As Demographics Shift, More U.S. Counties Become Majority Non-White

For years, the white share of the U.S. population has declined, as Hispanic, Asian and black populations grow; some demographers predict the U.S. could become a majority-minority nation by as early as 2050. But the shift to a more diverse nation is happening more quickly in some places than in others, according to the Pew Research Center.

In a new report ( examining Census Bureau Data, Pew researcher Jens Manual Krogstad said 109 U.S. counties have become majority nonwhite since 2000–defined as counties where non-Hispanic whites are no longer the majority.

The report said counties where nonwhite share of population is above 50% are mostly in Southwest. Overall, 293 U.S. counties were majority nonwhite in 2018. Most of these counties are concentrated in California, the South and on the East Coast, with few in the country’s middle section.

In addition, the study said several majority white counties with large populations could flip in coming years. Fairfax County, Va. (population 1.2 million), Pima County, Ariz. (1 million), Milwaukee County, Wis. (948,000) and Cobb County, Ga. (757,000) all had populations less than 52% white.

In 21 of the 25 biggest U.S. counties by population, nonwhite groups together make up more than half of residents. Eight of these counties were majority white in 2000 but are no longer: San Diego, Orange, Riverside and Sacramento (all in California), plus Clark (Nevada), Broward (Florida), Tarrant (Ft. Worth, Texas) and Wayne (Detroit, Mich.). Hispanics were the largest nonwhite population in all of these eight counties except Wayne, where the black population was the largest nonwhite group. (In Broward County, Hispanic and black residents made up similar shares of the population at 30% and 28%, respectively.)

As the nation’s racial and ethnic diversity grows, whites remain the single largest racial or ethnic group in the U.S. when looking at the country as a whole, accounting for 60% of all Americans. The four largest U.S. counties that had majority white populations in 2018 were Maricopa (Arizona), King (Washington), Middlesex (Massachusetts) and Palm Beach (Florida). From 2000 to 2018, just two counties went from minority white to majority white: Calhoun County in South Carolina and West Feliciana Parish in Louisiana, each with relatively small populations of about 15,000.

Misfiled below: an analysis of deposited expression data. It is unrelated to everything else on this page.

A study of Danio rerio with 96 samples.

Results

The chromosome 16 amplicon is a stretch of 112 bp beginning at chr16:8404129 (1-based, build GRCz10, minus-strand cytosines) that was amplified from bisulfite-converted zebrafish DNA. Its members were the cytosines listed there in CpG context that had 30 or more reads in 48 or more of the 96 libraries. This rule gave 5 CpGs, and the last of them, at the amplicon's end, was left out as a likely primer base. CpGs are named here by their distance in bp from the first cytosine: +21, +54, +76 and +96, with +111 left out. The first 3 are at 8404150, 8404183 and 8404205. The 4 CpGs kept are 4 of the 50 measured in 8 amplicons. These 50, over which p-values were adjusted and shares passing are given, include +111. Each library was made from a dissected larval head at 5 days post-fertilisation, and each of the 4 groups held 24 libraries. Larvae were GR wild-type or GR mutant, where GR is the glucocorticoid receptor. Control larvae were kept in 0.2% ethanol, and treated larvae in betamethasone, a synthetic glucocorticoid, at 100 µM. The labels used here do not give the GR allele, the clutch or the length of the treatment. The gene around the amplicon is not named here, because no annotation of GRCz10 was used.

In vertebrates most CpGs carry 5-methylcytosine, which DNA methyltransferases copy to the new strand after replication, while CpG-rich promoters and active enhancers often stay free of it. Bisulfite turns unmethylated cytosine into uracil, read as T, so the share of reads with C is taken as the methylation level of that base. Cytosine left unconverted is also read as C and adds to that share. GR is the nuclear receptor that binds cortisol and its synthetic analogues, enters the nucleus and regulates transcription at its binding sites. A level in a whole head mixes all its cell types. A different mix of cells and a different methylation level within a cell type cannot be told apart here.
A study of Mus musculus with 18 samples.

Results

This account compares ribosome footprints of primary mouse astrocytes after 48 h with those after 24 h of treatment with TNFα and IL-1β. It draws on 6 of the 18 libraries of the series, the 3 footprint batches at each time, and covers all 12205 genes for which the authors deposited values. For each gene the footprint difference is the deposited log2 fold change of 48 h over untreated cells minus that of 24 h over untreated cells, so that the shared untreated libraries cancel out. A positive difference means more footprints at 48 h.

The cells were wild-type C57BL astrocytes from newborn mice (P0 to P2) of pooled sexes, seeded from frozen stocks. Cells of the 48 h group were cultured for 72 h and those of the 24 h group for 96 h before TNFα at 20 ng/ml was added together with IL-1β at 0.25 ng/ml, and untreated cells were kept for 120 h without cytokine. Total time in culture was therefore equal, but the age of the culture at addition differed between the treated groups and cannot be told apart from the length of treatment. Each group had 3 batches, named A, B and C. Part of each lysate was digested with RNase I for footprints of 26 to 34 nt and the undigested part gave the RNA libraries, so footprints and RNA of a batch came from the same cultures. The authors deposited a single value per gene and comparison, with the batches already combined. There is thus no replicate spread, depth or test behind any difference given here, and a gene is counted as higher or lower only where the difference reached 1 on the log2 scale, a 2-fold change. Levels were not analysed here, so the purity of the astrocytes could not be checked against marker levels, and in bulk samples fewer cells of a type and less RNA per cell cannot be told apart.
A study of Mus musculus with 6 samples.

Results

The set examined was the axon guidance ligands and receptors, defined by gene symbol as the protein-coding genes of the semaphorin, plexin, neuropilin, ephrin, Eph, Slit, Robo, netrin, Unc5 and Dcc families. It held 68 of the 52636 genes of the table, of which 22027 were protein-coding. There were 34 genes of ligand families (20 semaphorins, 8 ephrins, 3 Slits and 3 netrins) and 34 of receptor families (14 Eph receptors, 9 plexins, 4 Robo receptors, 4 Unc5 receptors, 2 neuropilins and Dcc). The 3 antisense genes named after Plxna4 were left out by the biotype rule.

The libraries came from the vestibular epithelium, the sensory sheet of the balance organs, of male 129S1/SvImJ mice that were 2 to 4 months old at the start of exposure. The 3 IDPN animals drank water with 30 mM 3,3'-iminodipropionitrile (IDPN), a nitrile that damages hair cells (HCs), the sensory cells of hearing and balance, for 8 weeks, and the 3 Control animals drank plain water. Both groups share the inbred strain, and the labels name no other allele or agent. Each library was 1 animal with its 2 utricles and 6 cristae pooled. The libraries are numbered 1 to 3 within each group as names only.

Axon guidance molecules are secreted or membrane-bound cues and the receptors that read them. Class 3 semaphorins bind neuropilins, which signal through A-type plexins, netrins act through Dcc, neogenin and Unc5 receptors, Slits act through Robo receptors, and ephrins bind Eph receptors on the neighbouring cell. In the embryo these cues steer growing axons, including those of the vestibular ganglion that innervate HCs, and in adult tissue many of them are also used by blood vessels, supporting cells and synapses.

The study said among the 109 counties that between 2000 and 2018 shifted from majority white to majority nonwhite, 26 were at least 60% white in 2000. Counties in Georgia stand out for having five of the 10 biggest percentage point swings in their white population share. These 10 counties also had the largest percentage point drop among all U.S. counties on this measure.

Of counties where white share of population has dropped the most since 2000, Gwinnett County, near Atlanta, was largest in overall population (928,000) among these top 10. Its population dropped from 67% white in 2000 to 36% in 2018. Rockdale, home to 91,000 and also near Atlanta, had the biggest percentage point swing of the top 10 counties on this measure, falling from 73% white to 30% during the same time period.

This trend stems from a flat or declining number of white Americans in each of these five Georgia counties (Henry, Douglas and Newton are the other three), combined with a large and growing black population and a smaller Hispanic population that is also increasing in number. (In recent decades, many black Americans have moved to the Atlanta area from Northern states as part of a return migration to the South.)

“The future racial and ethnic composition of the U.S. has been a subject of debate, due in part to the growing number of Americans with varied backgrounds–and how these Americans identify themselves,” Krogstad said. “The number of multiracial Americans is rising.”